Secret Service details NATO Summit restrictions
CHICAGO (AP) – Roadways, parking lots and some of Chicago’s top tourist attractions will close when world leaders come to the city later this month for the NATO Summit.
The U.S. Secret Service on Friday released what it calls its Security Restrictions and Transportation Plan for the May 20-21 summit, outlining a host of regulations for an area that stretches from O’Hare International Airport to downtown.
The plan calls for intermittent road closures on the Kennedy Expressway, the main thoroughfare that connects the airport to downtown, between May 19 and May 21 to accommodate the motorcades of world leaders attending the summit.
Stretches of Lake Shore Drive near McCormick Place, the site of the summit, will shut down starting that Saturday. Just north of McCormick Place at what is called the Museum Campus, three of the city’s top tourist attractions _ the Adler Planetarium, Shedd Aquarium and Field Museum _ will be closed that Sunday. No one will be allowed to even walk around the picturesque area on the shores of Lake Michigan.
The report said while those three attractions will remain open on Saturday, May 19, a number of parking lots will be closed. Any vehicle parked in one of the open lots after 5:30 p.m. Saturday will be towed.
Melissa Stratton, spokeswoman for the Chicago Police Department, stressed that while the summit will result in some inconveniences, “They will be brief and minimal.”
She said some of the delays will involve “rolling closures” that are common when world leaders are being driven from place to place. She also noted the plan includes alternative routes for motorists.
Airspace restrictions will also be in place, but the Secret Service release did not detail what those would be. Boaters on Lake Michigan will also face restrictions several days before and just after the summit as the Coast Guard increases its presence on the waterways.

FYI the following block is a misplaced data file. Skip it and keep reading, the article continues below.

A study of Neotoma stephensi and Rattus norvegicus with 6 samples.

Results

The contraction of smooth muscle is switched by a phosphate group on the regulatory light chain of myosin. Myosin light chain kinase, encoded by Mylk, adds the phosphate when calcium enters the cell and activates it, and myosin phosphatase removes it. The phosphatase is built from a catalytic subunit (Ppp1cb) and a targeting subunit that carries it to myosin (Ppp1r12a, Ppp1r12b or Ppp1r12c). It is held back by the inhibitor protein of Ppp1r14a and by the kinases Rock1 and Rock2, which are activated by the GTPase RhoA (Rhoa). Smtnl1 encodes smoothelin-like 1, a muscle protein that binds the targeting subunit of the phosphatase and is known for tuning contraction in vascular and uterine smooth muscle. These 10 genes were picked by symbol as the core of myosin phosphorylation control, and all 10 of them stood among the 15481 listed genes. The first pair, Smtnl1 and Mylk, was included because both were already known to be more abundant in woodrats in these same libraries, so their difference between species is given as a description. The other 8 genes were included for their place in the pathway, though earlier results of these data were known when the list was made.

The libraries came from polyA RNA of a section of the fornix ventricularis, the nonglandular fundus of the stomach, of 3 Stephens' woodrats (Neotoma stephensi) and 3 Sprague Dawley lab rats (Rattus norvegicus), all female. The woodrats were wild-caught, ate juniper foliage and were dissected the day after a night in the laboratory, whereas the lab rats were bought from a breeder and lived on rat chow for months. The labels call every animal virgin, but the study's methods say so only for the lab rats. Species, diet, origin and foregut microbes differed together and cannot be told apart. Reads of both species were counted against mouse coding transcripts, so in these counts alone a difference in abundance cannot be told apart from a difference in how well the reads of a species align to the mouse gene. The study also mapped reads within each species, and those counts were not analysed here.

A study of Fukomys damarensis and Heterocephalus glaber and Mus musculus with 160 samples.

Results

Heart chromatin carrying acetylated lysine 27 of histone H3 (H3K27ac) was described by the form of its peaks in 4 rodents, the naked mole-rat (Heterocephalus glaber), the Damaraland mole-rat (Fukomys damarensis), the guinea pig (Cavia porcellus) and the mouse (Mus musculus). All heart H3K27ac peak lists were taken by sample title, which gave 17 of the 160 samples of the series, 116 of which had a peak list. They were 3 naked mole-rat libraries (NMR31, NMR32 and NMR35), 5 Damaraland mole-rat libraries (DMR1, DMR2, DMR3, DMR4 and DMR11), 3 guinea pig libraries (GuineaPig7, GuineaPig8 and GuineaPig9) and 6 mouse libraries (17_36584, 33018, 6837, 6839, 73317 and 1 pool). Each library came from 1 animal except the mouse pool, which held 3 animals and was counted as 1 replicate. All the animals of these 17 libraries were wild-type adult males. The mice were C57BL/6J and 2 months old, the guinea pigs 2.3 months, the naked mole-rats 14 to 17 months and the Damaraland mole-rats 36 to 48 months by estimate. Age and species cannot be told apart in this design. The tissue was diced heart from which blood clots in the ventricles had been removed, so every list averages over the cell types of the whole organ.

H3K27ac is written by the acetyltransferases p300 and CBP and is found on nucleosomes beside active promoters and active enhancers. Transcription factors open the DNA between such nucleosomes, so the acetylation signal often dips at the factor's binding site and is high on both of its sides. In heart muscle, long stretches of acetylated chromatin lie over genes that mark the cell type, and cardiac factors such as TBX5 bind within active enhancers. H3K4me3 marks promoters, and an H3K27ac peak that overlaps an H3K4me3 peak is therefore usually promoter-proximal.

Street parking will be limited in the days up to the summit and during the summit, with some of the restrictions on surface streets near McCormick Place beginning as early as a full week before the summit begins.
The Secret Service also plans intermittent road closures near Willis Tower, the tallest building in North America and another top tourist attraction in the city. The Secret Service did not explain why, but security around the iconic skyscraper was dramatically beefed up after the terrorist attacks of Sept. 11, 2001.
Lori Healey, executive director of the city’s NATO Summit host committee, said the Willis Tower security is necessary because at least one official event is scheduled there. That event has not yet been announced.
Commuter rail lines, some of which run right underneath the summit venue, will not be closed, but passengers should count on delays and some buses will be rerouted, the release said. The rail stop serving the McCormick Place convention center will be closed on both days of the gathering.
Chicago officials are bracing for thousands of protesters for the NATO meeting, which will focus on the war in Afghanistan and other international security matters. Protest groups are being kept about three blocks from the summit venue.
Andy Thayer, a political activist and protest organizer, said the security outline leaves authorities room to put in place even heavier restrictions at the last moment.
“There always is the threat that they’re going to put in something much more expansive and they’ve been known to do this right on the day of (similar events),” he said.
Associated Press writer Jason Keyser contributed to this report.